No, Fang isn’t a new breed of vampire-inspired theme restaurant, though that would be entirely plausible in the “Twilight” and “True Blood” era. It’s the latest restaurant from Shanghai native Peter Fang and daughter Kathy. Peter Fang opened House of Nanking in Chinatown in 1988, with a short order counter, extremely limited seating and, soon after, lines down Kearny Street. Popularity had the power to knock down walls, which eventually allowed for the kitchen to take a back seat to, well, seats. Despite expansion, House of Nanking’s lines remain long, and since I’ve been eating at the restaurant since my high school days, it was great to learn about a new alternative from the Fangs.
Fang opened late last year near SFMOMA, featuring banquet rooms and a full liquor license, both of which were impossible in the original location. The space is a quantum leap forward from Fang’s humble origins, with Chinese lanterns that resemble spiral-like beehives, a wall of Chinese characters stenciled onto glass and decorative wall placards.
Each dumpling appeared on an edible cucumber coaster and was top-able with tangy vinegar based sauce loaded with pepper-flecked ginger shavings. The sauce had more complexity than the traditional version that comes with Shanghai style soup dumplings. I asked for the missing link(s), but Peter Fang wasn’t about to reveal his secret, saying, “That’s the key, isn’t it?”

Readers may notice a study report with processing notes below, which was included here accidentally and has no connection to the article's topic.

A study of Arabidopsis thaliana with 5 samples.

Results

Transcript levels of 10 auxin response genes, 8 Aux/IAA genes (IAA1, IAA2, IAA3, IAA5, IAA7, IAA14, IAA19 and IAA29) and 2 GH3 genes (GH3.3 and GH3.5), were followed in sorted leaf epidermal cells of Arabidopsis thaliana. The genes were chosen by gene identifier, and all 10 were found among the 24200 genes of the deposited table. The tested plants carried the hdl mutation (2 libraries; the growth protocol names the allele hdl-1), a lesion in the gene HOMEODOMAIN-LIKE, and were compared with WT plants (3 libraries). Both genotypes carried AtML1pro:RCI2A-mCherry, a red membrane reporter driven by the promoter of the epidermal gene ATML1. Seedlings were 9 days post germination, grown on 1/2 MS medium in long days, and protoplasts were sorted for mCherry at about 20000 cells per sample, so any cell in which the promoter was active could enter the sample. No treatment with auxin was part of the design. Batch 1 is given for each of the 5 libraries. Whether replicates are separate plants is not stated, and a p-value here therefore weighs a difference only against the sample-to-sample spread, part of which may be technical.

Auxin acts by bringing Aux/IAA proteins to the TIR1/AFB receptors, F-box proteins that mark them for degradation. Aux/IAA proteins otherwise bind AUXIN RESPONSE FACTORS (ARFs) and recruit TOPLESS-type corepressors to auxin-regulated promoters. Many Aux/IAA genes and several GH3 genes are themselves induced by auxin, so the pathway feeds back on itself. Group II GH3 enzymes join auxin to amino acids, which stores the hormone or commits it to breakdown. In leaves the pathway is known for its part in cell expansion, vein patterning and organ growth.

Peter Fang is well known for his predilection to overrule orders. Show any uncertainty and you’re headed for a veto. My step-mother asked whether Fang liked the salt-and-pepper shrimp and mushrooms. He clearly saw a crack in her confidence, since he instantly prescribed another mystery item. My father was amused by his dismissive attitude, as always. My step-mother? Not so much. Thankfully, when our surprise soup finally arrived, nobody complained.
Almost every dish at Fang seemed to have a peppery kick. That might bother some people. Not me. At least you know your food won’t arrive under-seasoned.
The dish resembled shaking beef, but with an upgrade from lean filet to juicier rib meat, and a richer sauce than the lime-, salt- and pepper-centric Vietnamese dish. The crunchy room temperature stalks of bok choy, red pepper strips and red onion shavings added to the texture and helped to layer the flavors.
While there’s something elemental about eating at House of Nanking, and the prices are about 50% cheaper for many of the same dishes, it’s worth the added expense to skip lines and dine in a more comforting setting that offers a deeper reservoir of dishes. Fang also features a proprietor who seems to have mellowed with success. Or maybe it’s just that he has more time to tend to his guests, since there aren’t lines down the block…yet.